While people never forgot that St. Mary’s City was the founding place and first capital of Maryland, nothing survived above ground of what William Hick’s called “once the metropolis of Maryland.”. Furthermore, any maps or good written descriptions that once existed of the settlement have vanished. Soon after the state established Historic St. Mary’s City in 1966, historian Lois Green Carr began assembling all the historical documents about the city she could find and archaeological investigations began. It soon became obvious that the only way to understand the town was through archaeology.
So limited was the information that no one was even sure of where the heart of the ancient capital had been or what it had been like. To solve this mystery, the National Endowment for the Humanities provided grant funding to the museum in 1981 to find the city. This project spanned the years 1981-1984 and involved broad sampling and more intensive excavations. After digging over 400 excavation units, pieces of buildings, fences pits, and other features were mapped. Key to it all was the discovery of the 1630s home of Maryland’s first governor Leonard Calvert, which documents indicated had stood at the town center. Finding this large 40 by 68 foot building and a nearby public inn that had burned to the ground in 1678 conclusively demonstrated that the center of Maryland’s first city lay near the St. Mary’s River, under the still standing 1840s building of Dr. John Brome’s plantation. Subsequent work identified more than a dozen other buildings in the area and led to the discovery that the capital had displayed an elaborate city plan.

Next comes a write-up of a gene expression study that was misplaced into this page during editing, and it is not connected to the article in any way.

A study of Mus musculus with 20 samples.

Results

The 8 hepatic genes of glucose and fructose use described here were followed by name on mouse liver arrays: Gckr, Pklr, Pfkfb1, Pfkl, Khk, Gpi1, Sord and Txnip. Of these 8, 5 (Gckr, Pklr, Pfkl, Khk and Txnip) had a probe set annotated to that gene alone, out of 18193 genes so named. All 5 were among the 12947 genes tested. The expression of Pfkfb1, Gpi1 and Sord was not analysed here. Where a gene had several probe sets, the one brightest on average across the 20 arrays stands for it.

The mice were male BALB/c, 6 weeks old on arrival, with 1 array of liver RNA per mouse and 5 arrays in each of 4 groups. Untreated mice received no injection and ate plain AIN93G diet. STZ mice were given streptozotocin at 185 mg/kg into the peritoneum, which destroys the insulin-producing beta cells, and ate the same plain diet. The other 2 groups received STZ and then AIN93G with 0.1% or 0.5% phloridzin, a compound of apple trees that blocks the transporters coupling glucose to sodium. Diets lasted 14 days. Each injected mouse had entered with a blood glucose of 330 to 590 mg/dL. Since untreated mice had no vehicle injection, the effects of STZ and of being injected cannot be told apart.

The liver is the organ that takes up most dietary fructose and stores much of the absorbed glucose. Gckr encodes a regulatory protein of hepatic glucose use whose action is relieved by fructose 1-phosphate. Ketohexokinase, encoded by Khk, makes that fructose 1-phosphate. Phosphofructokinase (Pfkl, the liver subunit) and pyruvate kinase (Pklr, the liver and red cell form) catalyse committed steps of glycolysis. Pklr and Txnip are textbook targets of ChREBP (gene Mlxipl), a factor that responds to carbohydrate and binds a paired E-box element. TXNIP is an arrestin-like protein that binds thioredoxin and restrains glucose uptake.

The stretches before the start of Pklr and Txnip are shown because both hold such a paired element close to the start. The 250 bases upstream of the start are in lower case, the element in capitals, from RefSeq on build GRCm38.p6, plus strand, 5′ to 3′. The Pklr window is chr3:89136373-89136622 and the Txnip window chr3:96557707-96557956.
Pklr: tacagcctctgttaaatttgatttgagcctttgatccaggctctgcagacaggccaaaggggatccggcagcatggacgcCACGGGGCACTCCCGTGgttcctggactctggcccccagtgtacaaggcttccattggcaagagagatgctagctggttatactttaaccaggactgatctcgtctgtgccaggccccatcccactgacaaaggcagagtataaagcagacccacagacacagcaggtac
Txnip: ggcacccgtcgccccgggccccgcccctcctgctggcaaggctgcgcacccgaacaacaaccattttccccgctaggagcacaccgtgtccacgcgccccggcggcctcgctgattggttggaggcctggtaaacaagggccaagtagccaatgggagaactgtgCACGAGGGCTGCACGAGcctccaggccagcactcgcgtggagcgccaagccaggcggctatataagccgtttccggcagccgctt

Archaeologists fully excavated the 1660s public inn (Smith’s Ordinary) that had burned down and a 1670s store built by a French immigrant. These have subsequently been reconstructed. Work continues on the complex Leonard Calvert house site. It not only served as the home of the first governor but became the first official State House for Maryland in 1662. Later, it served as the largest public inn in the colony. Excavators also discovered that The Calvert House was surrounded in the 1640s by a fortification named Pope’s Fort. Directly related to the English Civil Wars, this moated fort remains the only archaeological evidence of that conflict known in America. The fact that the 1840s building had been built on top of the 17th-century structure made any additional investigations very difficult. This was one factor in making the difficult decision to move the 19th-century buildings to a new location.
As exploration of the Town Center continued, archaeologists also recovered abundant evidence of Chesapeake Indian habitation spanning over 9000 years of time. Likewise, these same excavations produced a rich collection of 19th and early 20th-century artifacts related both to the manor house occupants and the African American workers at the Brome Plantation.